Market and Value Chain Assessment For Refugee Livelihoods in Nairobi Metropolitan Area

By `Prof. Amos Njuguna, Stephen Njenga, Salome Asena, Kelly Matayian | Commissioned by UNHCR.

According to a report by UNHCR, the UN Refugee Agency as of May 2022, there were 552,061 refugees in Kenya, a majority of who do not access the labor market as they live in camps and experience obstacles in securing work permits. The report further shows that the number of refugees and asylum seekers preferring urban areas in Kenya is increasing, close to 84,000 refugees live in this area as it is perceived to have greater economic prospects and greater connectivity to domestic and regional hubs.

Additionally, in 2021, International Labor Organization (ILO) estimated the unemployment rate in Kenya to be 5.7 per cent, with the younger people being three times more likely to be unemployed. This aggravates the situation for refugees seeking economic opportunities in Kenya due to the limited opportunities available.

Although much has been done to remedy this situation through strategies and initiatives like the UNHCR Refugee Livelihoods and Economic Inclusion (2019-2023) Global Strategy that calls for advocacy to enhance an enabling environment such that refugees have a de facto access to decent work, can own businesses, access financial services, enjoy property ownership and exercise freedom of mobility among other things, as well as the enactment of the Refugee Act into law in 2021in Kenya that effectively granted refugees the right to gainful employment and business activity, awareness among the refugees and absence of frameworks for implementation remains a challenge.

With this in mind, USIU-Africa through the School of Graduate Studies, Research and Extension (SGSRE) in partnership with UNHCR and other organizations carried out a study to explore specific sub-sectors that have potential for profitability, growth and decent employment for refugees and asylum seekers in the Nairobi Metropolitan Zone, paying attention to relevance, potential for employment creation and feasibility for refugees and asylum seekers.

The study identified regulatory enforcement, awareness and implementation as the key challenges in enhancing refugees’ absorption into the employment sector in the country. Factors like lack of work permits, limitation in skills, lack of access to capital, and refugee status also contribute largely to refugee inaccessibility to formal work or self-employment.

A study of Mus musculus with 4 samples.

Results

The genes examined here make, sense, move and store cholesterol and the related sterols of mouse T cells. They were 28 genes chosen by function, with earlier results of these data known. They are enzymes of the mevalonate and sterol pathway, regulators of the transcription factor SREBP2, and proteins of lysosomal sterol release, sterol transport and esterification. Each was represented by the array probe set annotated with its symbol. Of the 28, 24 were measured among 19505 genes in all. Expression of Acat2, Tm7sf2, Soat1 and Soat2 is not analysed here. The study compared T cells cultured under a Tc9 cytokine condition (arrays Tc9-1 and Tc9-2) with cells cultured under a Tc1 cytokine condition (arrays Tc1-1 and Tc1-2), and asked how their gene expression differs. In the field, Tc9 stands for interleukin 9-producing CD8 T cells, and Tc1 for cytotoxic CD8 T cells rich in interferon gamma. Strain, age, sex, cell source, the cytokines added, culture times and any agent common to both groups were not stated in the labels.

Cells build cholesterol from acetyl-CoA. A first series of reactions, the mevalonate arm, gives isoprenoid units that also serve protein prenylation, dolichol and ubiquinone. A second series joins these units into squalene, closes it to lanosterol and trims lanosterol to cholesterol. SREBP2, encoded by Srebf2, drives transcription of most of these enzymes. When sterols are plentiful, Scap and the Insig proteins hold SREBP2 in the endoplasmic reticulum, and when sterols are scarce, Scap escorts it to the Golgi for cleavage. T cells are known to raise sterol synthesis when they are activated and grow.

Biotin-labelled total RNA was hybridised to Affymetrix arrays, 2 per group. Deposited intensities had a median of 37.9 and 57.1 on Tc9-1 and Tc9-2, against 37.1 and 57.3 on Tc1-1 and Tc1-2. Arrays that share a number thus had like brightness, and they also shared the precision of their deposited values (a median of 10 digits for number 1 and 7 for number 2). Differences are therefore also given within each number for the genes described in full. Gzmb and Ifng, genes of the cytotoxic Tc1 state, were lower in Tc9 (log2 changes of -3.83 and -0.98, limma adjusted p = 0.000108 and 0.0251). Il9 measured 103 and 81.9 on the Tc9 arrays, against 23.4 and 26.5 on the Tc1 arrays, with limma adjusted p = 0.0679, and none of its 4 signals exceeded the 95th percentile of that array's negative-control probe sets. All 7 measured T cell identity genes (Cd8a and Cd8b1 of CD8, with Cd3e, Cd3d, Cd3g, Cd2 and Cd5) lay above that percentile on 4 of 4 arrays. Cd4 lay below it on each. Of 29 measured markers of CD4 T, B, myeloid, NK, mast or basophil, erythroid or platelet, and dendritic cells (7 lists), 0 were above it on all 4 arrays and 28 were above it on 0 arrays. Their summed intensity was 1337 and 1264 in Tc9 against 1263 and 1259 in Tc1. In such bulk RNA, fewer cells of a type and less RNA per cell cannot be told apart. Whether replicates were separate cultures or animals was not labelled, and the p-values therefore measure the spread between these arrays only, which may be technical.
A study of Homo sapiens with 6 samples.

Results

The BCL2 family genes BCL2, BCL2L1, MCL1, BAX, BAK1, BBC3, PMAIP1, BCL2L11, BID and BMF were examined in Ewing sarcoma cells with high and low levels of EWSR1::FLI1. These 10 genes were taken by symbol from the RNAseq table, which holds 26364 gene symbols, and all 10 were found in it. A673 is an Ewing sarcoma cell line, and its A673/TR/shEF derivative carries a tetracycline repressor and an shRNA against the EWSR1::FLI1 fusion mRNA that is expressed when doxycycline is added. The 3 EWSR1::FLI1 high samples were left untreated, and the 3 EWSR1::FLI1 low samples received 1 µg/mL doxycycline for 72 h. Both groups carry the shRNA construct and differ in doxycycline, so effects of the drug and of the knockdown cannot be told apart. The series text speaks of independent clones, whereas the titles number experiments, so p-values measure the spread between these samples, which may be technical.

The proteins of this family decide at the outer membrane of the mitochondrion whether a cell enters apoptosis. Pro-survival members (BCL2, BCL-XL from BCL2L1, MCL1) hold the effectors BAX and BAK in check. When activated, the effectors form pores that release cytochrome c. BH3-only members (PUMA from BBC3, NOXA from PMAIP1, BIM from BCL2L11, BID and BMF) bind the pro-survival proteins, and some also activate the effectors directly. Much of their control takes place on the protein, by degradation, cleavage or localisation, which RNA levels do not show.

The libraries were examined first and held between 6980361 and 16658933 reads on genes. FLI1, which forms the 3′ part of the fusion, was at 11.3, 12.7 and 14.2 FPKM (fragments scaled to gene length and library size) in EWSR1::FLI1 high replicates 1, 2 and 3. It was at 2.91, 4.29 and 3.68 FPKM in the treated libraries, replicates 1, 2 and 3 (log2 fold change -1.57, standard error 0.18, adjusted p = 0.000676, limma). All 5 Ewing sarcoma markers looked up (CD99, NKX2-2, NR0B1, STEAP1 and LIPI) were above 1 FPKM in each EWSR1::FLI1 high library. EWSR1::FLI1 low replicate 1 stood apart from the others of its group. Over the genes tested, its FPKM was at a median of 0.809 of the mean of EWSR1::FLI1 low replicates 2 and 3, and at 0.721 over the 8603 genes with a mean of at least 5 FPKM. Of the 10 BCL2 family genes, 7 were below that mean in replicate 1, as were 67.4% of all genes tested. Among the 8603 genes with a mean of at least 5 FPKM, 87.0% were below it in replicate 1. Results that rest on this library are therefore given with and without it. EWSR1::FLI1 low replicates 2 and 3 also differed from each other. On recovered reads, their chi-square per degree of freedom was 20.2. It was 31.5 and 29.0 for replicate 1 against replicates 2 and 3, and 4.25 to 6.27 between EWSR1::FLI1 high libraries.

Arguably, the study found out that the service, transport, construction and ICT sectors within the Nairobi Metropolitan Zone have the largest employment potential for refugees, where they can easily be absorbed and earn a living. However, this has to be supported by creating awareness of the Refugee Act 2021, proper implementation of frameworks that support employment of refugee and asylum seekers, enhancing acquisition of work permits by refugees, training and mentorship of refugees, providing seed capital for refugees to start their own business among other things.

The study used mixed research methods including document reviews, interviews with key informants and survey of refugees living in the Nairobi Metropolitan Zone. The study was done by Prof. Amos Njuguna (Dean, SGSRE), Stephen N Njenga (Country Director, Light for the World), Salome Asena (Senior Research Officer – GAME Center) and Kelly Matayian.

The study was funded by UNHCR and supported by various organizations including Light for the World, HIAS, JRS, Good Deeds, CBO, Humanity and Inclusion, International Rescue Committee (IRC Kenya), Micro Finance Institution - Longitude Finance, Monyqadow, Oak Solutions, Refugee Consortium of Kenya, Refugee-Led Organization Network of Kenya (RELON-KENYA), Refugees Led Organization, Refugee point, Umoja Refugee CBO/RLO and Youth Voices Community (YVC).

For more, download the complete report here.